Yes, You Can Have Pets & a Clean Home at the Same Time

June  5, 2018

My boyfriend recently invested in a lint roller to keep in his car. Why? Because every time he comes to my apartment, he leaves covered in cat hair, thanks to the two beautiful fur babies who live here.

If you have a pet—or, even better, multiple pets—you probably relate to this struggle. It’s definitely a challenge to keep your home clean when you have rambunctious little furballs running around, especially if you don’t have the time (or motivation) to tidy up every day.

If you’re thinking to yourself, “There’s got to be a better way,” you’re right. Here are some tips on how to keep your house impressively clean even when you have pets.

How to Remove Pet Hair From Everything

Unless you have a hairless dog or cat, you probably feel like you’re constantly fighting an uphill battle to keep pet hair under control. If you want to get ahead of this problem, the best offense is to regularly groom your furry friends. However, you’re still going to need to de-fur certain areas of your home from time to time.

On that note, here are the most efficient ways to remove pet hair from everything in your house.


You may be cleaning your floors wrong, and here’s why: When you vacuum a wood or tile floor, you’re actually sending most of the pet hair flying into the air, instead of sucking it up. A better option is to go over your floors with an electrostatic dust mop, such as a Swiffer, to trap hair first, according to Clean My Space. Then, you can vacuum to pick up any lingering dirt if needed.

To prevent dust bunnies from forming, you should aim to Swiffer at least two or three times a week. It’s so easy, though, you may want to do it daily.


Is your white rug looking grey and dingy, no matter how many times you vacuum it? This can happen when pet hair works itself deep into the rug, but it’s actually rather easy to get out with the help of an unconventional tool: a rubber squeegee!

All you have to do is drag a squeegee across your carpet to pull out all that pet hair. Use the tool like a rake and work in short, quick strokes—you’ll be amazed at how easily all the fur comes out. You might want to consider doing this deep-cleaning method once a month or as needed to keep your rugs looking fresh.


If vacuuming your couch simply isn’t picking up enough hair, there are a few other options you can try. For instance, Clean My Space recommends putting on a rubber glove, dampening it, then rubbing your hand over the furniture. You can also try the squeegee method mentioned above.

To make things a little easier, consider investing in an inexpensive hair-removal tool like the ChomChom Roller—reviewers rave about how well it works at getting hair off furniture.


More often than not, a good ol’ fashioned lint roller is the quickest and easiest way to de-fur your clothing. However, you can also try adding 1/2 cup of white vinegar to your laundry, according to Angie’s List. This will reduce the static cling of the garments, helping to shake off any lingering hair.

How to Clean Pet Products

Wondering how often you should clean items like pet beds, bowls, and toys? Here are your answers:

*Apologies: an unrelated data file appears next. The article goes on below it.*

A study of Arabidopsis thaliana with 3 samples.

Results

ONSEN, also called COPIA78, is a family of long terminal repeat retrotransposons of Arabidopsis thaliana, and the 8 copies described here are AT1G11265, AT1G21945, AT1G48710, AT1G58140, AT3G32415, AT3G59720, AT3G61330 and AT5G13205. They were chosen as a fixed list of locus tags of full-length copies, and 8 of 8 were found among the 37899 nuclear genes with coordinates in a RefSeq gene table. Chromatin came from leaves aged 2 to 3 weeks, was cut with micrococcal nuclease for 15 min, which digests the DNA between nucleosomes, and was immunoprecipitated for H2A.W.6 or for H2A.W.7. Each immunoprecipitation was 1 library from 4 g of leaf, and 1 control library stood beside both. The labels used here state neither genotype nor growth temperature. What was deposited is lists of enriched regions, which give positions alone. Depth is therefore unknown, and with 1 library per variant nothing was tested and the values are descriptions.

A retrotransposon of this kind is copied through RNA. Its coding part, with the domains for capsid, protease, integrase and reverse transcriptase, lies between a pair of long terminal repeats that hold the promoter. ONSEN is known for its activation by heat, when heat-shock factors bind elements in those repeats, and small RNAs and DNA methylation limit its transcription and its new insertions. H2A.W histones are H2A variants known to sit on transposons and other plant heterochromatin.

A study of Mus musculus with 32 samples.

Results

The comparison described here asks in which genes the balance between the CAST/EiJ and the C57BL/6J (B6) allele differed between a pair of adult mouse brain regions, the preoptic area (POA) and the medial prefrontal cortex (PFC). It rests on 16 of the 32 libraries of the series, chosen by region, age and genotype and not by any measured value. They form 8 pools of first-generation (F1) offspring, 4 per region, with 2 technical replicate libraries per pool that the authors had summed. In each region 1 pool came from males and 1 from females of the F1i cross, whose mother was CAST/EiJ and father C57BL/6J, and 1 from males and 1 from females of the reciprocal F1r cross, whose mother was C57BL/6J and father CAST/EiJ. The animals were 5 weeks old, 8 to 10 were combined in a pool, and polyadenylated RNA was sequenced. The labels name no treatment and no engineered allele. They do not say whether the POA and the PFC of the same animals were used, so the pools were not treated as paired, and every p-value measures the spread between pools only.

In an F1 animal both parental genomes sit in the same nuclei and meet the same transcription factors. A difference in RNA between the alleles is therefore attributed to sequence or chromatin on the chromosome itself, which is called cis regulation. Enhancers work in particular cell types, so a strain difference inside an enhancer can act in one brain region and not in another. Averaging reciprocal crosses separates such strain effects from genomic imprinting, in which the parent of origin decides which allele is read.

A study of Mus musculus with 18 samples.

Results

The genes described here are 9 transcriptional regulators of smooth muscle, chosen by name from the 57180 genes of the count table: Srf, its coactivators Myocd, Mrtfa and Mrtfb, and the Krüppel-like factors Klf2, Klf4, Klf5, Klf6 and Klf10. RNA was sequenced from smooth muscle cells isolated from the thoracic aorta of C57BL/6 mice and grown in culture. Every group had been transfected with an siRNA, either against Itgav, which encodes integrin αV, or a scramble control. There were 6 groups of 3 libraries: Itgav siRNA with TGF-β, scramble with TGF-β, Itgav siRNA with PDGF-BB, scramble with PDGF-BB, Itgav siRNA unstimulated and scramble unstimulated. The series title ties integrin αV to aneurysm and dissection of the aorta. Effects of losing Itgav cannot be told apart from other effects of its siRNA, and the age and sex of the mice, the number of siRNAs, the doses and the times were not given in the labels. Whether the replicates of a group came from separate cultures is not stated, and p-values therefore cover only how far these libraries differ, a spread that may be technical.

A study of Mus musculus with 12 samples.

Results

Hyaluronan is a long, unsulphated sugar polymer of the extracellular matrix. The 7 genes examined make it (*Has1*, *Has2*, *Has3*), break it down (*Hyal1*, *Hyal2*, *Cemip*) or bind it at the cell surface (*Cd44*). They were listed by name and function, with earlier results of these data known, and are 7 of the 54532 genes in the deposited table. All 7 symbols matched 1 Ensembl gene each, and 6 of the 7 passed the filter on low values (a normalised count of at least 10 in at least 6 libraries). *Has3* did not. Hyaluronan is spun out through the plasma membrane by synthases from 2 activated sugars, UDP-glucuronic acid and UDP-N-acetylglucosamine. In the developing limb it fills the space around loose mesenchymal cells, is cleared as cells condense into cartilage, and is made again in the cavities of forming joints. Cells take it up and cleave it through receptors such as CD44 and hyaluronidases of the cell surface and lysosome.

Beds and Crates

According to Rover, it’s best to clean pet beds and crates once a week or so to remove dirt, allergens, and pests that your fur babies may have tracked inside.

Most pet beds have removable covers that can be tossed in the laundry, and you can simply wipe down crates with warm water and a gentle soap.


You clean your dishes every time you eat, and you should do the same with your pet’s dishes. Rover recommends washing food and water bowls daily to prevent the growth of bacteria that could make your pet sick. Again, warm, soapy water will do the trick.


Personally, my family dog destroys toys in a matter of days, so they never last long enough to be washed. If your pet is less destructive, however, you might consider washing their toys once a month or so, just to get rid of all the dirt and slobber.

Plush toys can be put into a garment bag and run through the washing machine, according to The Dog Bakery, while hard plastic toys can be disinfected in a solution of water and vinegar.

Treat Yo Self After All That Cleaning

With the help of these life hacks, you can keep your home impressively clean and save your loved ones from having to carry around lint rollers.

How do you manage cleaning up after your fur babies? Share your best tips with us below!

I keep a grooming station outside. I use, in order, a Zoom Groom to loosen hair and dander, a equine sisal brush to flick the dander off of the skin, and a equine finishing brush for a shiny coat. Keeps most of the shedding out of the house.
Claudia T. September 18, 2018
Ah I first used a Zoom Groom at my dogwash (where you wash your own dog but they provide the shampoo, towels, sink etc) and it made a huge difference in the hair I got up off my dog. I comb him with a furminator first (I hear the patent is expiring on those so there will be a lot more knockoffs soon) and still the Zoom Groom really made a difference. My dog has short hair but he's 160 lbs so I mean that's just a lot of surface area to shed!
BerryBaby June 6, 2018
Two Pomeranian, very fluffy, puppies. Yes, they shed even with daily brushing. Vacuuming and dry mopping up dust bunnies on the hardwood has become more frequent.
What I love is when people visit and say, “I’d never guess you had a dog...your house is so clean.” That’s when I know I’m doing just fine. Love my babies!